What if you were able to recognize the different voices in your congregation and help equip them for works of service?
By Jeff Broadnax, East U.S. Regional Director
Worship teams are re-taking the stage. Seating areas are emerging once again and now we get to see what life will be like once we come back together in full capacity.
What would happen in your congregation if every member came and said, “Pastor, in order for us to operate at our healthiest level as a congregation, I need to allow the Lord to use my voice and my gifting to help. I want to do my part.”
I know, your heart just skipped a beat, right? That is what we all dream about and pray for. We long for that day when Paul’s message in Ephesians 4 takes up full residence within our congregations. We pray that every member grows in their knowledge of the Father, Son and Spirit and matures as a Spirit-led believer joining Jesus in his mission. That’s a healthy church.
As we have focused on the aspects of being Team Based and Pastor Led, we have introduced tools like the 5 Voices from GiANT Worldwide to help us see our giftings, abilities and leadership styles differently. If that is new to you and you want to know more, just reach out to your Pastor, Regional Director or me.
In teaching about the Nurturer, Guardian, Creative, Connector and Pioneer voices, our desire is to help every “supporting ligament grow” in our communication and help the congregational members be “fitly framed together” as “each part does its work.” Some have asked, however, what knowing the 5 Voices has to do with God’s gifting and with being a healthy church. Aren’t the 5 Voices more of a business model, and God’s gifting a spiritual model? I believe they relate quite well together. Allow me to explain.
As I was reading Ephesians 4 recently, something new hit me. I found myself seeing verse 11 through completely different eyes. In speaking of the grace (giftings) that have been given by Christ to his people, it says he himself gave “the apostles, prophets, evangelists, pastors and teachers to equip his people for works of service…”
I used to see those as titles, but now I see them as responsibilities and styles of leadership within the body. While there are exceptions, it didn’t seem like a stretch to connect the 5 Voices to those giftings. Pioneers as apostles, Creatives as prophets, Connectors as evangelists, Nurturers as pastors, Guardians as teachers. Let me show how they fit together.
Imagine if Paul had written, “It was Jesus who gave some to have a gift of strategic vision and problem solving (apostles/pioneers), some with the gift of clearly seeing future opportunities and threats while maintaining organizational integrity (prophets/creatives), some with the gifting of effectively communicating and expanding the network (evangelists/connectors), some with the gift of maintaining relational harmony and sharing the love of Christ (pastors/nurturers), and some with the gift of maintaining healthy systems and processes (teachers/guardians).”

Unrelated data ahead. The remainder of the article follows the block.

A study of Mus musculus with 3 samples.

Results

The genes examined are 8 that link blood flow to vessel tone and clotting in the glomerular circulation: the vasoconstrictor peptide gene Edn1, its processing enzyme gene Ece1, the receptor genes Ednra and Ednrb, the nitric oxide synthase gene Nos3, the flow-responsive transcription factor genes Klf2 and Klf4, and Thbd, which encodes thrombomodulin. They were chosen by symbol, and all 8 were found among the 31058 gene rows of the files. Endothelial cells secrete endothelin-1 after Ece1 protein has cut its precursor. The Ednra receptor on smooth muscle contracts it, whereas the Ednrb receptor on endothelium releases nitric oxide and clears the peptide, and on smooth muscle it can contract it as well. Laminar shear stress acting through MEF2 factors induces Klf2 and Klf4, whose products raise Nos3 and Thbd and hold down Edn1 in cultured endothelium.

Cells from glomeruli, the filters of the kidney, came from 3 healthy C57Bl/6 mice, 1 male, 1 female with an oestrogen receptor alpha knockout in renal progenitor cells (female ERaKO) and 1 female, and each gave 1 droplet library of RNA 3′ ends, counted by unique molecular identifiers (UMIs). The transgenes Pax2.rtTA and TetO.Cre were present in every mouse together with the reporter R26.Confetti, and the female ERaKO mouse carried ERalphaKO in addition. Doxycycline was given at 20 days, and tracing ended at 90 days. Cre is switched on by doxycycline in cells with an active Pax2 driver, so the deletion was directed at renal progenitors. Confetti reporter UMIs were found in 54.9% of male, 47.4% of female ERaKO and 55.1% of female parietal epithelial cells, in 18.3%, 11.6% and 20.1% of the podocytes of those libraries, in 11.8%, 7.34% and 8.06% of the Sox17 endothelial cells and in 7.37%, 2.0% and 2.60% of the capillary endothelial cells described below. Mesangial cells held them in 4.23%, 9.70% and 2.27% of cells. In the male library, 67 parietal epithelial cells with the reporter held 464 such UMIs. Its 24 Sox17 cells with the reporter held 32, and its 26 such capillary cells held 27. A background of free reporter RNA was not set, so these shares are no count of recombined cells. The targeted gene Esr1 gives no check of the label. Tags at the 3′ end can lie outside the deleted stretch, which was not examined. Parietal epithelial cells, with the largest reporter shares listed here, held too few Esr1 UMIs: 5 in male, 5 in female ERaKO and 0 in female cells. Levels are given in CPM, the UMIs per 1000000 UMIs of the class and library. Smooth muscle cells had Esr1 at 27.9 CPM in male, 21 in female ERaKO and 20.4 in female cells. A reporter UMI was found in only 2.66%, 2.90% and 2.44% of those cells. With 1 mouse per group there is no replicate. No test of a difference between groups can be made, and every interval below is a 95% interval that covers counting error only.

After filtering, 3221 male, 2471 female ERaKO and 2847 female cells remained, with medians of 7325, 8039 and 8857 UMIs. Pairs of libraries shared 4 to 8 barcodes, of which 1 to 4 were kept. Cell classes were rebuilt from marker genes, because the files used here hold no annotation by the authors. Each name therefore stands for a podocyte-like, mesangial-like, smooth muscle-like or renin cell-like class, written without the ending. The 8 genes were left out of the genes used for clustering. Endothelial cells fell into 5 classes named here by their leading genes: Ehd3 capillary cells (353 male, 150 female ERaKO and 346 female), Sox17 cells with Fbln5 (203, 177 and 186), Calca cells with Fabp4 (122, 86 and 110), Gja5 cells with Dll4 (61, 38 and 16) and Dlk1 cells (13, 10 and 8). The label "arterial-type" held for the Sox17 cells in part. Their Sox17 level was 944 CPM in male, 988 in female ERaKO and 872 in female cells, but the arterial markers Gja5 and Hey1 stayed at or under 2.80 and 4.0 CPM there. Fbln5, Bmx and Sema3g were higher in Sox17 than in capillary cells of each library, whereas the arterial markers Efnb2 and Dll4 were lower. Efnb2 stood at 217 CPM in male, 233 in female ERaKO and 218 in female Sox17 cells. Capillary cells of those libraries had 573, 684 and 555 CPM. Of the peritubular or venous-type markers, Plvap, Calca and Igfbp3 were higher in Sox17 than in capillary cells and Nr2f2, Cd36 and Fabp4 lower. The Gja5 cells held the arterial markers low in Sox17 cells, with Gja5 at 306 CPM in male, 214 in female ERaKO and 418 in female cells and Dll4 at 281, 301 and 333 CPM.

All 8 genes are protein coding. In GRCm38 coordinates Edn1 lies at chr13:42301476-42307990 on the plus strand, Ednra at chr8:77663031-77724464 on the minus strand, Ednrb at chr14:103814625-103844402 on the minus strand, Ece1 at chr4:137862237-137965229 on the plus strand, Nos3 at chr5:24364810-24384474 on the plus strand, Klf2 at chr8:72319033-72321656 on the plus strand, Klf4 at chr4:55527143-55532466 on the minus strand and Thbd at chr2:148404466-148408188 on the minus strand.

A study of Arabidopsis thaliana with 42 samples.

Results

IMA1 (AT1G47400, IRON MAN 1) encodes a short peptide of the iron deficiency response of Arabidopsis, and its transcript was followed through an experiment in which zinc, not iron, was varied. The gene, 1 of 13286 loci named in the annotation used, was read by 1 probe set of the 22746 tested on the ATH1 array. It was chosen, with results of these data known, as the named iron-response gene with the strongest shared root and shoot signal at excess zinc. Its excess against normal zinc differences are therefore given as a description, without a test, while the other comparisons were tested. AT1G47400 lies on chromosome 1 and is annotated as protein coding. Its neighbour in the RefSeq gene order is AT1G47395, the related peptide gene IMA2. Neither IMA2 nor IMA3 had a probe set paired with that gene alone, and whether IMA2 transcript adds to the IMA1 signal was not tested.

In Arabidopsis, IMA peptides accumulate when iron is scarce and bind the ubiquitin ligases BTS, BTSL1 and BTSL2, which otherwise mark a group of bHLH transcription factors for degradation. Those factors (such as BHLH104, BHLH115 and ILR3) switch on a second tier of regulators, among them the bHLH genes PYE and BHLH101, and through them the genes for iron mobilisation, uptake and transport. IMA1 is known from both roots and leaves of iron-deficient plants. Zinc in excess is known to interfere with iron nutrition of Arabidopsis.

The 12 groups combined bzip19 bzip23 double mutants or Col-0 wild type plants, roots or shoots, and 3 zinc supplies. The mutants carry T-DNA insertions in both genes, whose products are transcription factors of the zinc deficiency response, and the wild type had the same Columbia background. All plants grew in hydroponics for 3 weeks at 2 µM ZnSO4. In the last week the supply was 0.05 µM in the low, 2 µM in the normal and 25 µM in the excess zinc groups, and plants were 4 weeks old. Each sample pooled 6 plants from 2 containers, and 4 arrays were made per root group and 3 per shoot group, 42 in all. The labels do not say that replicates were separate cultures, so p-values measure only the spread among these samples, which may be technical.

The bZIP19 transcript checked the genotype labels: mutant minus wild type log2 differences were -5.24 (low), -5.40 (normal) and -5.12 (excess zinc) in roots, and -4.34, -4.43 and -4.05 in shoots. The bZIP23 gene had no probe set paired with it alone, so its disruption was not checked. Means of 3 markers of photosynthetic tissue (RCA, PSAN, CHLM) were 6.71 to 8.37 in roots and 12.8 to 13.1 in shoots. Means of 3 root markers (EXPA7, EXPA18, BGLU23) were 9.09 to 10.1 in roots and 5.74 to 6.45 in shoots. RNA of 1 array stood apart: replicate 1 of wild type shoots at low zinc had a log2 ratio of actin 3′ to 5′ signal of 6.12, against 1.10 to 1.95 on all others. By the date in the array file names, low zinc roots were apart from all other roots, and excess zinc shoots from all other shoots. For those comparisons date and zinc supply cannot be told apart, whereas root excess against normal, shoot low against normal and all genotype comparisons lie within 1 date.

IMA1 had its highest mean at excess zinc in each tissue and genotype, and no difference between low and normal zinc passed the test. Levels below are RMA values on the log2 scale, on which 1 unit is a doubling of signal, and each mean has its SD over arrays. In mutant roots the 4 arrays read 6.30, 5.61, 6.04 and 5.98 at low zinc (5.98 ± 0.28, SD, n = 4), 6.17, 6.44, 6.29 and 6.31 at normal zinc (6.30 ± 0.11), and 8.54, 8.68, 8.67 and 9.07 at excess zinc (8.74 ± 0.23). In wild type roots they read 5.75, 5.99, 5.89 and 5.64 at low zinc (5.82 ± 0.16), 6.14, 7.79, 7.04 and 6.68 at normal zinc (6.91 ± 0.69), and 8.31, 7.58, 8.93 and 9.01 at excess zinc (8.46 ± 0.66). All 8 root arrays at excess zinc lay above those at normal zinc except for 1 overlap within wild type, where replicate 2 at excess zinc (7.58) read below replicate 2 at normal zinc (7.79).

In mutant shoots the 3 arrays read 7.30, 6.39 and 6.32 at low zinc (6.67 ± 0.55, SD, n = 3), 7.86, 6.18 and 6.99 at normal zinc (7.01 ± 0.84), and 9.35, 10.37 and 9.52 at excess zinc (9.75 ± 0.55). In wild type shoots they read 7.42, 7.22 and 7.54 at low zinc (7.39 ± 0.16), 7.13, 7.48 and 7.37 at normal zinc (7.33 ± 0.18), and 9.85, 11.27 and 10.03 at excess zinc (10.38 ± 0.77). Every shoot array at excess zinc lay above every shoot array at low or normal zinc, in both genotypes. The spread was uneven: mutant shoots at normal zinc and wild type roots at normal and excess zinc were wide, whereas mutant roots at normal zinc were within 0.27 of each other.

There are a lot more words, for sure, but I believe all members could see themselves fitting in that body. Viewing this verse in hierarchical terms is more disempowering for an average member and frankly doesn’t seem to fit the overall context of equipping members for works of service. This is why it is vital that we NOT see the terminology in Ephesians 4 through a hierarchal lens. Instead, we should see the leadership skills and responsibilities each brings to the Body. It is also important to remember that every member has all five gifts within them to varying degrees. Some are just easier to access than others.
When you recognize the different voices and start to see them in terms of the various giftings/responsibilities listed in Ephesians, you can start to see more possibilities for more members to lead the congregation to healthy church. Imagine as you come back together and seek your congregational renaissance post-Covid, you and your team intentionally see your members through this lens as you work through the three avenues of a healthy church. What would your weekly worship gathering (Hope Avenue) look like if these giftings and voices spoke into your plan? What new connect groups would you use in your discipleship pathway (Faith Avenue) that could begin to help disciples become disciple-makers? What would your next outreach event (Love Avenue) look like as members who have this giftedness and passion help you organize and lead these events?
I recently was invited to a meeting by our 22-year-old local GCNext team leader. She was sharing a community ministry partnership vision with our pastors, and she told me that she was inviting me because of my community connections. She wanted the strategic insights and accountability in her process from our pastors. Once approved, she would reach out to another member who would help other members see their part in the ministry.
I was inspired as I watched my pastors empower, engage and equip her with the resources and insights to take this vision to the next phase. I was excited as I sat there because I wondered how many other people in the congregation have ideas and visionary plans for how we can join Jesus in his mission and ‘be the church’ in our community. Then I got excited about your congregation and prayed for this to become reality.
Imagine our GCI congregations being fitly framed together like this?
One thought on “Fitly Framed Together”
Wow! I always assumed that Ephesians 4:11 was hierarchical, and the rest of us did the acts of service. I believe I may have the gift of nurturer, but I don’t think I am being called to be a pastor. What advice would you give me? Also, does “acts of service” sum up what all the gifts are, or is it additional gifts unspecified? I enjoy doing acts of service too.